Why arugula microgreens?
Last time we talked, I gave an overview of why microgreens are an attractive type of crop to test in your farm. With their quick turnaround time, relatively easy care, and high sale price per pound, it’s no surprise that farms across the country have gladly added them to their production schedule.
Today, we’ll look at one of the most popular types of microgreens to grow: arugula. This spicy, bitter green is extremely popular at restaurants and farmers markets in the full and baby-leaf sizes. Farmers often forget that the microgreen size of arugula is also quite popular. Chefs love having a few pounds on hand to garnish with or turn into a fresh micro salad.
So, let’s go through how to grow them! I picked arugula not only because it’s a popular microgreen, but because it’s one of the most simple to grow. It takes about ten days for arugula to go from seed to harvest, and getting started is cheap as seeds are only $15/lb.
You don’t need much to grow arugula microgreens but you can make it more high-tech if you wish. If you’re growing at production scale, you’ll want to use the recommended items that I’ve linked—otherwise, just dig around your house and you should be able to scrounge up most of these materials.
- Container (I use 10x20 plant growing trays)
- Organic potting soil
- Light (I use a 4′ T5 CFL grow light if growing indoors)
- Seeds (I buy mine from Everwilde Farms)
- A spray bottle
Step 1: Plant seeds on a flat surface.
When planting, there are three things to make sure you do:
- Make sure your soil is free of debris and the surface is completely flat and smooth
- Make sure you have moistened the soil adequately
- Make sure you use the right amount of seed
If you’re using a 10x20 plant propagation tray, I typically plant around 1oz (30ml) of arugula seed. This gives me a great distribution of seed across the planting surface. If you’re using a different container, just take a peek at the image below and shoot for that level of density:
You should use at least 1″ of soil or growing media, but 2″ is recommended if you’re going to grow your arugula past 8–9 days. This is when the true leaves start to form and the plants begin to rely on nutrition in your soil instead of the nutrition present in the seed leaves.
After you’ve planted, cover your container with something that will block out all of the light. I typically use another 10x20 tray flipped upside down, but you can get creative—as long as there is no light entering the container, you’re good. You need to do this to provide the optimal germination environment for your arugula seeds.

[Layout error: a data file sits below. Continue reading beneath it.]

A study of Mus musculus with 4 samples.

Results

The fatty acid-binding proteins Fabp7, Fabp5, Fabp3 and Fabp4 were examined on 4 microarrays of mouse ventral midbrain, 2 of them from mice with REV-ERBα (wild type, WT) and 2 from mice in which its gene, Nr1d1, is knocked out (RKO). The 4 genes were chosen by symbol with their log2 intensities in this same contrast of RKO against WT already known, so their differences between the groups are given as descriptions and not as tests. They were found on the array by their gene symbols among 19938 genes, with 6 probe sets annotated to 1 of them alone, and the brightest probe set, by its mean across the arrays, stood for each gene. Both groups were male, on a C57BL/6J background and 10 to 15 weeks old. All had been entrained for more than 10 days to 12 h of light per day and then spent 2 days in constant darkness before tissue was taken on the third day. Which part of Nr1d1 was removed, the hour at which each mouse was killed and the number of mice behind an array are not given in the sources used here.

After covering your container, place it in a low light area that’s relatively cool (around 70°F / 21.1°C).
Step 2: Keep out of light for 72 hours and mist daily.
Every day, uncover your container and mist your seeds once or twice with your spray bottle. Don’t go overboard— that’s how you get mold. Make sure that you aren’t letting any light in, otherwise, your seedlings will start to bend towards the light and lay flat on the surface, causing them to grow improperly. Done right, it takes almost exactly 72 hours for arugula seeds to germinate and get to an acceptable length.
Once they’ve germinated, keep your growing medium moist by continuing to water. A good rule of thumb is that the deeper your growing media, the less frequently you need to water. They won’t be using much of this water until days 8–9.
Growing Tip: Arugula will put out roots quickly and spawn hundreds of little root hairs, which are often confused for mold. While they look similar, you can identify root hairs by their even distribution and clustering around the taproot of your seedling.
Somewhere between days four and five, your arugula microgreens will be ready for light. By this point, they’ve gotten about 1–1.5” long and have “stretched” a bit, which is actually good. This adds some extra length at the bottom for you to safely cut off, avoiding the annoying issue of harvesting too much dirt or seed husks.
Uncover them and move them to a well-lit area. If you decide to leave them outdoors, you’ll need to water more often due to the intense light the sun provides. If you’re growing indoors, you won’t need to increase your watering routine much.
Step 3: Cut 1/2 inch from medium and don’t wash.
When your greens are around 3″ tall and have bright, open leaves…they’re done! It’s time to harvest.
To avoid the hassle of washing your greens, cut them about 1/4″–1/2″ above your growing medium. You’ll sacrifice some stem to make sure you don’t cut off any excess dirt or seed husks along with it. Trust me, it’s worth the sacrifice—washing microgreens is not only time consuming, but cuts their shelf-life by about 50%.
To store them properly, make sure they’re as dry as possible. If you didn’t wash them, they should be quite dry unless you harvested right after watering them (avoid this). I personally put them in a Ziploc bag with a bit of air inside so they have room and aren’t squished. They’ll last for 7–8 days before they start to get a bit wilted, so enjoy them while you can!
You’re ready to grow!
That’s it! You now have a full tray of fresh arugula microgreens. Expect around 10 oz. per tray if you grow for around 12 days or so, though results will vary based on all of the variables associated with growing these delicious greens.
If you’re interested in growing microgreens, I have a page on my site that covers many of the most popular types, as well as typical problems that you’ll run into.
Start with a DIY flood tray cart:
Ready to start grower? Save some space with a flood tray rack system. You can order the base kit to build this system and learn how to build it here.